From authority-ridden Catholic girlhood to the convent to the liberation of being a free spirit.
I’ve wondered often how I, who was in the convent for a year, could have become the authority-free woman I am today. Of us nine kids, I probably took Church rules the most seriously. I remember urging my teen brother in the 1950’s to ”be careful” on his dates. I hadn’t understood what sex was about until I was myself a teen, so I took it on myself to encourage siblings to follow the rules.
I remember tattling on classmates in grade school, feeling totally justified, since rules were made to be kept. One of the nuns in my 12 years of Catholic schooling said that if we thought we had a vocation and didn’t follow it, we’d never be happy. That put the fear of God in me. Knowing myself to be “a good girl,” I suspected God might want me as a nun.
So my second year of college found me in a convent in Milwaukee, Wisconsin. It felt a little bit like pioneer life. We sewed names on all our clothing, including washable cloth sanitary napkins. Twenty of us postulants slept in a big dorm, with sheets as dividers in our approximately 4’ x 8’ sleeping area. We had one black outfit for Sundays, and one for weekdays. We went to Confession on Saturdays, and I associate the smell of baking bread down the hall with those weekend Confessions.
We’d pray the Rosary on daily afternoon walks, and listen to Madame Butterfly often in evening recreation, because the Postulant Mistress liked it. (I do too). Even at age 19, I couldn’t understand why the other girls talked during afternoon chores. The rule said No
I’d probably still be a nun if it weren’t for a wise Mother General. She interviewed each of us at the end of our year as a postulant, before we became a novice. I was going to be Sister Nathan as a novice, though I would not take the vows of poverty, chastity and
obedience for a few years. When the Mother General asked, “Are you happy?” I answered, “I’m not happy, but I’m satisfied.” And she said, “That is not enough for a bride of the Lord.” I’d most likely still be Sister Nathan otherwise, if I’d not been so gracefully dismissed. In 1961, I was still authority-ridden. I had no other life experience than as an obedient Catholic.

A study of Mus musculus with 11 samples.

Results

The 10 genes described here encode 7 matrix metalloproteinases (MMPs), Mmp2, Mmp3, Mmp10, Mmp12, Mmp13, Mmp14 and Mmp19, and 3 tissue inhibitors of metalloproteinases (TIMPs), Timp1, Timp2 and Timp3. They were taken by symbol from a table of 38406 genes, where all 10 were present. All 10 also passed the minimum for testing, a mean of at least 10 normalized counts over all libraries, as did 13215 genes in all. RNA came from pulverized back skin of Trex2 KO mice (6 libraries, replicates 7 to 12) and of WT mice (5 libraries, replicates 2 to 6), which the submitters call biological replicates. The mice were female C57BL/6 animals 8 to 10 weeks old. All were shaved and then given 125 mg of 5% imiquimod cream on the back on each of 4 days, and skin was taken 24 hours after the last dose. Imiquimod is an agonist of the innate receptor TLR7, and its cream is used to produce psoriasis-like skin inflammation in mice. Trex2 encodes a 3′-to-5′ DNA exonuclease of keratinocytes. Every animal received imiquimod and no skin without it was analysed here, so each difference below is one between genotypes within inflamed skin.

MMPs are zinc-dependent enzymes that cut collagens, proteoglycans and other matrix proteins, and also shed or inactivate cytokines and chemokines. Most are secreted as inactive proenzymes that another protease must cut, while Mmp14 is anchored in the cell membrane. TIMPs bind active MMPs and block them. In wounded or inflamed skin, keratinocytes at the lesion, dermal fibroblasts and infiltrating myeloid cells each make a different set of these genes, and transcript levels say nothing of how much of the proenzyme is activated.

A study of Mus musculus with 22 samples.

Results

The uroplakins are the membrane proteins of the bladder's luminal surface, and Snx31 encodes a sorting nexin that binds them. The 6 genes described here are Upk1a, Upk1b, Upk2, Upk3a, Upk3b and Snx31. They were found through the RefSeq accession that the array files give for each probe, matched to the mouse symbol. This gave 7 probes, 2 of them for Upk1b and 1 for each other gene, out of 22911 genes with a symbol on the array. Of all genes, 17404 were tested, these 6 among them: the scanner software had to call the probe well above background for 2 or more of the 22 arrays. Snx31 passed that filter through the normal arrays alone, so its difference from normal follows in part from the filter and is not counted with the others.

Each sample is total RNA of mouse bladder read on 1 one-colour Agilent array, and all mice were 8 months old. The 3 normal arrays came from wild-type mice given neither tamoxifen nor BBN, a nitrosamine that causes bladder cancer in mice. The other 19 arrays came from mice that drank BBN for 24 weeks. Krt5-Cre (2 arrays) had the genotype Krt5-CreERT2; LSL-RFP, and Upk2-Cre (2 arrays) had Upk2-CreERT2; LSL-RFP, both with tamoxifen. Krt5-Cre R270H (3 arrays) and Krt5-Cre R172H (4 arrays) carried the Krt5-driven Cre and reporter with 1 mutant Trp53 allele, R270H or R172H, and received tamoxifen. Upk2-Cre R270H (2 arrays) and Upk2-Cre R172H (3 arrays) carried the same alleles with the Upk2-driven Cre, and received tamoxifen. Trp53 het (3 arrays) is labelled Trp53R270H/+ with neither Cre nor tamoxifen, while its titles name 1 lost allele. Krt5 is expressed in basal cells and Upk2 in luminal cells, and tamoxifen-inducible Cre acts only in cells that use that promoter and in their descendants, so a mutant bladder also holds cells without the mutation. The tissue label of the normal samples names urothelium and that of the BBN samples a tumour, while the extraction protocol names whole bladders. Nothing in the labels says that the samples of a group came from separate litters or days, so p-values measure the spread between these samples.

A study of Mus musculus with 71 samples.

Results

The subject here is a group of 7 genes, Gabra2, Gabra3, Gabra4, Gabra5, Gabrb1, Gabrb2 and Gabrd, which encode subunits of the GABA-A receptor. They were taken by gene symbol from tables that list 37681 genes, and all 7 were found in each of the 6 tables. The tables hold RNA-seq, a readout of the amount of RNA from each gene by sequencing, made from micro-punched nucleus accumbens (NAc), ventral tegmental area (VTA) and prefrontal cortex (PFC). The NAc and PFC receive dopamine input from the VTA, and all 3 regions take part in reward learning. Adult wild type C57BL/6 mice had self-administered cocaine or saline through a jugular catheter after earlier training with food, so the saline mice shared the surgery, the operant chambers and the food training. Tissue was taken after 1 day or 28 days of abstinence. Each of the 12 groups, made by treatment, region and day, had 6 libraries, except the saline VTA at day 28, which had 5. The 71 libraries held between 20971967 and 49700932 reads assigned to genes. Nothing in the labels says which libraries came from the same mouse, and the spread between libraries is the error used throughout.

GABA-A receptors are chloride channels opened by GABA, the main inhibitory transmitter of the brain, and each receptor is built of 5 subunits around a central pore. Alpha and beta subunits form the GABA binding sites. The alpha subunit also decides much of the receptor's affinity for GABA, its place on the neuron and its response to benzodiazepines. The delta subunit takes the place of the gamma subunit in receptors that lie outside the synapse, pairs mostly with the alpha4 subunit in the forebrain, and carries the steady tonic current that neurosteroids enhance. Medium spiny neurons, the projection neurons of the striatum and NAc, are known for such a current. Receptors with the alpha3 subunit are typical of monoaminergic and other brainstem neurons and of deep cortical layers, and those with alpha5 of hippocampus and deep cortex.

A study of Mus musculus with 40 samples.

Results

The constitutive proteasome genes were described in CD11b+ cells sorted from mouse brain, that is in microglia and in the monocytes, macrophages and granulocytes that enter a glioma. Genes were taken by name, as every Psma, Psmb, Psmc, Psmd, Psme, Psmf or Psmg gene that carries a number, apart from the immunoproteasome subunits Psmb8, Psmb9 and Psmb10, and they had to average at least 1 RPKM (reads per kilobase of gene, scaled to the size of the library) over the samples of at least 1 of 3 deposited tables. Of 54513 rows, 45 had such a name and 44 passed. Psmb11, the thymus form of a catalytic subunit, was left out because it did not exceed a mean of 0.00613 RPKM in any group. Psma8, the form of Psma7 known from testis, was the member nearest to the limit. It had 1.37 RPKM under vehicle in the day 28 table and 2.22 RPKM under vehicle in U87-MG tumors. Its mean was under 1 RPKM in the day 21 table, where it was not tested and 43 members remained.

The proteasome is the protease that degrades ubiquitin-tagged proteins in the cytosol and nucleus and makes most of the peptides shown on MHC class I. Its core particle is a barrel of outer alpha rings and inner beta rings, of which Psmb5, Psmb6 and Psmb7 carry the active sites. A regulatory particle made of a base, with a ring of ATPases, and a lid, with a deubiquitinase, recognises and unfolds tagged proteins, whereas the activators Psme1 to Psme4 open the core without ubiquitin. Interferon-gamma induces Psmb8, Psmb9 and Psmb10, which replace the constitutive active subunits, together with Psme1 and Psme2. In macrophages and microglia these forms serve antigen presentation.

Two years later, considering marriage to an Iowa suitor, I was still innocent/ naive enough to confess that I’d sat on my boy friend’s lap. Told that was an occasion of sin, I never did it again. That romance ended in a few months. Five years later, I had taught one year of sophomore English and one year of junior high English, followed by four years of second grade. I was engaged to Don, whom I’d met through a correspondence club. I even had my second graders write him a letter.
I was, at 26, a virgin on my wedding night. Interestingly, no one had told me I wasn’t supposed to enjoy sex after marriage. To my surprise, after the first couple days and nights of the honeymoon, as we walked toward our Hawaiian lodging, I’d be chirping, “We’re almost there!” And to this day, when anyone says, “We’re almost there,” I have happy flashbacks to February, 1968.
Now I was still “a good Catholic” a year later at a Church camp when a priest, who later left the priesthood and married an ex-nun, said around the campfire, “If the only reason you go to Mass on Sunday is to avoid mortal sin, you shouldn’t go!” My mouth must
have been hanging open. This was a man of the cloth giving me permission, it seemed, to do whatever I liked. Apparently, at the time, all I needed was a bona fide authority figure’s pronouncement to loosen the shackles that had bound me all these years. That campout was the beginning of my liberation as a woman who could now begin to think for herself.
When I was unhappy a few years later, often thinking, “Is this all there is for the rest of my life?” it was only after a good friend convinced me I wasn’t meant to be unhappy that I dared to separate and then divorce. As the first one in my family to divorce, I did not
feel support from my parents.
As many divorced people did in the ‘70’s, I enjoyed a good deal of personal freedom. I’d spent a summer month on a car trip to California from Iowa, while my kids, around 4 and 6, were with their grandparents on the farm. Seeing personal ads in California papers, I came back and placed the first such ad in the Iowa City paper. I met Don and Frank, both professors at the University of Iowa. I grew to love them both, and my kids and I spent alternate weekends with them. Both lovers knew of the other, and felt fine about our times together. I’ve never felt tempted by swinging, but can see the potential merits of polyfidelity. I see people as capable of loving more than one partner. If not for jealousy, it could have many benefits beyond having more than one lover. (The ex-nun in me is amazed that I believe this. But I do. )
How can I explain to you, let alone to myself, how the obedient child became the autonomous woman? From that priest at the campout to the influence of many friends and authors and public figures, I have learned to listen inside more and more. I am
comfortable in my body, and love the childlike freedom of no clothes whenever I get the chance. Still, I am not surprised when the old need for propriety and approval occasionally come up. I am now quicker to notice when I have taken someone else’s truth for my own. And I’m open to any new experience that my heart leads me to.